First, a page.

In two recent memos, the SecDef reveals his intention to change how the Pentagon uses its money, people, and time.
Since New Year’s Day, Defense Secretary Mark Esper has issued not one but two memos to the force. Both push for “ruthless prioritization” by the bureaucracy in support of his top priority: great power competition with China and Russia.
He’s a man on a mission, and in a hurry. The goal? To achieve “full, irreversible implementation” of the defense strategy. Pentagon officials want to take the military so far down the road that their work cannot easily be unwound by the next cadre of leaders, whenever they might arrive.
In his Jan. 2 memo, Sec. Esper says “aggressive reforms” are getting underway at the Pentagon. He is seeking headroom under the flat budgets to come, but he’s not just looking for loose change in the proverbial couch cushions. He wants the entire defense enterprise to shift its time and people to better implement the National Defense Strategy. The focus on time and tasks is new, and important. The tyranny of the here-and-now (see: Iran) means that for many at the Pentagon, their days do not match the strategy.
His Jan. 6 memo provided more insights into the reforms. In it, Esper highlighted $5 billion already designated to be squeezed from the 28 non-service defense agencies dubbed the Fourth Estate. He also identified an additional $2 billion in activities that will be shifted to the military services. And he announced upcoming reviews of the combatant commands.
The memos are significant for three reasons. Firstly, the secretary is advertising that he plans to cut or retire various weapons and gear and shift money to efforts deemed of more utility in great power competition. Congress can expect the 2021 budget proposal, slated for delivery on Feb. 10, to make a clear break with the past to invest in research and development of the future.
This broad and well-telegraphed push for targeted cuts — including, no doubt, to some congressionally cherished programs — may succeed where previous efforts have failed. Congressional leaders have signaled that they want a list of clear winners and losers. If no one is wailing to Capitol Hill, politicians don’t believe leaders are seriously implementing the strategy. And if the recent past is any guide, Congress will get behind most of the Esper cuts even if they are politically unpopular.
When he was Army Secretary, Esper led a similar zero-based budgeting review. A whopping 186 Army programs were targeted for elimination, cuts, or delays over five years. Casualties included a container-handling program, lightweight laser designator, mine clearing vehicle, Joint Light Tactical Vehicle, Armored Multi-Purpose Vehicle and an armored bulldozer. Confronted with this “flood-the-zone” approach, Congress wound up approving almost all of the proposed changes. Esper & Co. now hope the same tactic will work with the Fourth Estate reforms and, shortly thereafter, the Navy and Air Force.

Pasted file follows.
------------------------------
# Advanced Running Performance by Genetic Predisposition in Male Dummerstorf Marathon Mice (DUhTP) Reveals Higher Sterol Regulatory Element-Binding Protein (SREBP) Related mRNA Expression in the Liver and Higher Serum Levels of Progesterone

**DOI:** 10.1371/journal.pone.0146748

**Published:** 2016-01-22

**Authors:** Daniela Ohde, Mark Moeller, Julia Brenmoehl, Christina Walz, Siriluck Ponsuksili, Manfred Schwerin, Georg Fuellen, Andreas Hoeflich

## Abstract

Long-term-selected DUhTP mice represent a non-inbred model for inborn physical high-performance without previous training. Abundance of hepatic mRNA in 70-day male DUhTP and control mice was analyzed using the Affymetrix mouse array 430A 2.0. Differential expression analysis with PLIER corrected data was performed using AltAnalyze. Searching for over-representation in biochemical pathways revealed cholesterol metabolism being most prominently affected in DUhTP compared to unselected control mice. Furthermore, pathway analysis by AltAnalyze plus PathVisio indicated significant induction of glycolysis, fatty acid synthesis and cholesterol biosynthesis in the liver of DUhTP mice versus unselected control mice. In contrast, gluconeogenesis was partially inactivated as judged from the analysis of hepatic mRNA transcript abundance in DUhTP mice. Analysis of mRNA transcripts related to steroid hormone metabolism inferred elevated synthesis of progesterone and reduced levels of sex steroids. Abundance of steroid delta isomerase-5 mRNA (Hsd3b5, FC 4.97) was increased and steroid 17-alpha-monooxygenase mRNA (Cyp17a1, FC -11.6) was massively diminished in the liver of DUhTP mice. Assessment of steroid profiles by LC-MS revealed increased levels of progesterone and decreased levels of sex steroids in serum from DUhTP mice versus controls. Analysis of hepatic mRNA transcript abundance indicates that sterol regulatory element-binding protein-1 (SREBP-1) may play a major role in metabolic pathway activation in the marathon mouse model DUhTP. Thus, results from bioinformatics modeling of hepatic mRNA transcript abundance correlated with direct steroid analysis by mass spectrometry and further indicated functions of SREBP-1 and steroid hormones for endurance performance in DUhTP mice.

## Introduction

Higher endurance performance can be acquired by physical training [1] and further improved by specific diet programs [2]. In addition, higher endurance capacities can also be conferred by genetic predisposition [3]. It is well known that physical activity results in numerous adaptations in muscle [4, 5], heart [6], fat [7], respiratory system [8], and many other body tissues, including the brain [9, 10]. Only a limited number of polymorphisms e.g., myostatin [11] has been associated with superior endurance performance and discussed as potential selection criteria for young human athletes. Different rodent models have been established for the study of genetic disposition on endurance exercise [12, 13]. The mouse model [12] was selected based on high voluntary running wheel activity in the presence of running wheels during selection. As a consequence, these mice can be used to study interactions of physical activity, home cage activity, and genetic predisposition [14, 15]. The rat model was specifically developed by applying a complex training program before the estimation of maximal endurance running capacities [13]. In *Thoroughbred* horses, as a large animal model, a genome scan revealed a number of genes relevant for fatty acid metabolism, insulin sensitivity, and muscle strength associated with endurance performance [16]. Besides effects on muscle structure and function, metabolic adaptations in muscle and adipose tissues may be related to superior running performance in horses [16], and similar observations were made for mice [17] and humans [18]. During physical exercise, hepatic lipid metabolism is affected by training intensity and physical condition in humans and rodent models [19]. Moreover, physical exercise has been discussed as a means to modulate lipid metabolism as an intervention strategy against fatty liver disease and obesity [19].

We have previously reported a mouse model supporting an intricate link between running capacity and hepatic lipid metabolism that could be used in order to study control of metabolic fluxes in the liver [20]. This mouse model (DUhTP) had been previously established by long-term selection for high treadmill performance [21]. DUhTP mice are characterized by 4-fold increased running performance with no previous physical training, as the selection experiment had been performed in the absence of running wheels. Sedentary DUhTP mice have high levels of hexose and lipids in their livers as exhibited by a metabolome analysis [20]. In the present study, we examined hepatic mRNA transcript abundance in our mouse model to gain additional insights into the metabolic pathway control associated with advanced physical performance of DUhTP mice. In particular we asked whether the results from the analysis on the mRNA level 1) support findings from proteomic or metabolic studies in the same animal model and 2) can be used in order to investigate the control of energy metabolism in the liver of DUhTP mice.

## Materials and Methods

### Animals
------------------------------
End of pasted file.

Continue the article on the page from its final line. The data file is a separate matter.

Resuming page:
The memos reveal Esper as an ambitious reformer, with goals broader than predecessors Robert Gates, who closed Joint Forces Command; and Chuck Hagel, who slimmed various headquarters staffs. His upcoming reviews of the regional and functional combatant commands presage an assault on a problem that many have long perceived but none have tackled: an imbalance in the requirements-generation process and Pentagon resourcing decisions that insulate and favor combatant commanders over service chiefs. This imbalance has led to some of the problems the defense strategy tries to redress, such as making the Middle East an “economy of force” region where missions are done more efficiently—or not at all.
Finally, the review is about more than creating tradespace under flat budgets. Between the lines, Secretary Esper is also showing due diligence that could be used when making future arguments to boost defense toplines to fully resource the defense strategy.
In his Jan. 2 memo, Esper highlights the past three years of steady spending increases and their benefits. He calls out the improved readiness across the force and notes the Defense Department is “beginning to modernize” capabilities across domains with these additional funds.
He echoes this line in the Jan. 6 memo, saying that savings found to date are “only a down payment” on what’s truly needed. He goes on to say that competition and the preparation for high-intensity conflict against a high-end competitor “is expensive.” The implication is that even the most valiant efforts he is overseeing to move money around under the topline will likely be insufficient.
Members of Congress have been asking for two years whether the Pentagon was buying its own strategy. Most agreed the answer was no. This is one reason defense hawks are disappointed in last year’s budget deal, which dealt the Pentagon an inflation-adjusted decline in its 2021 budget . Policymakers will be quick to latch onto the defense secretary’s nuanced arguments that the three-year Trump bump for defense will not complete the job.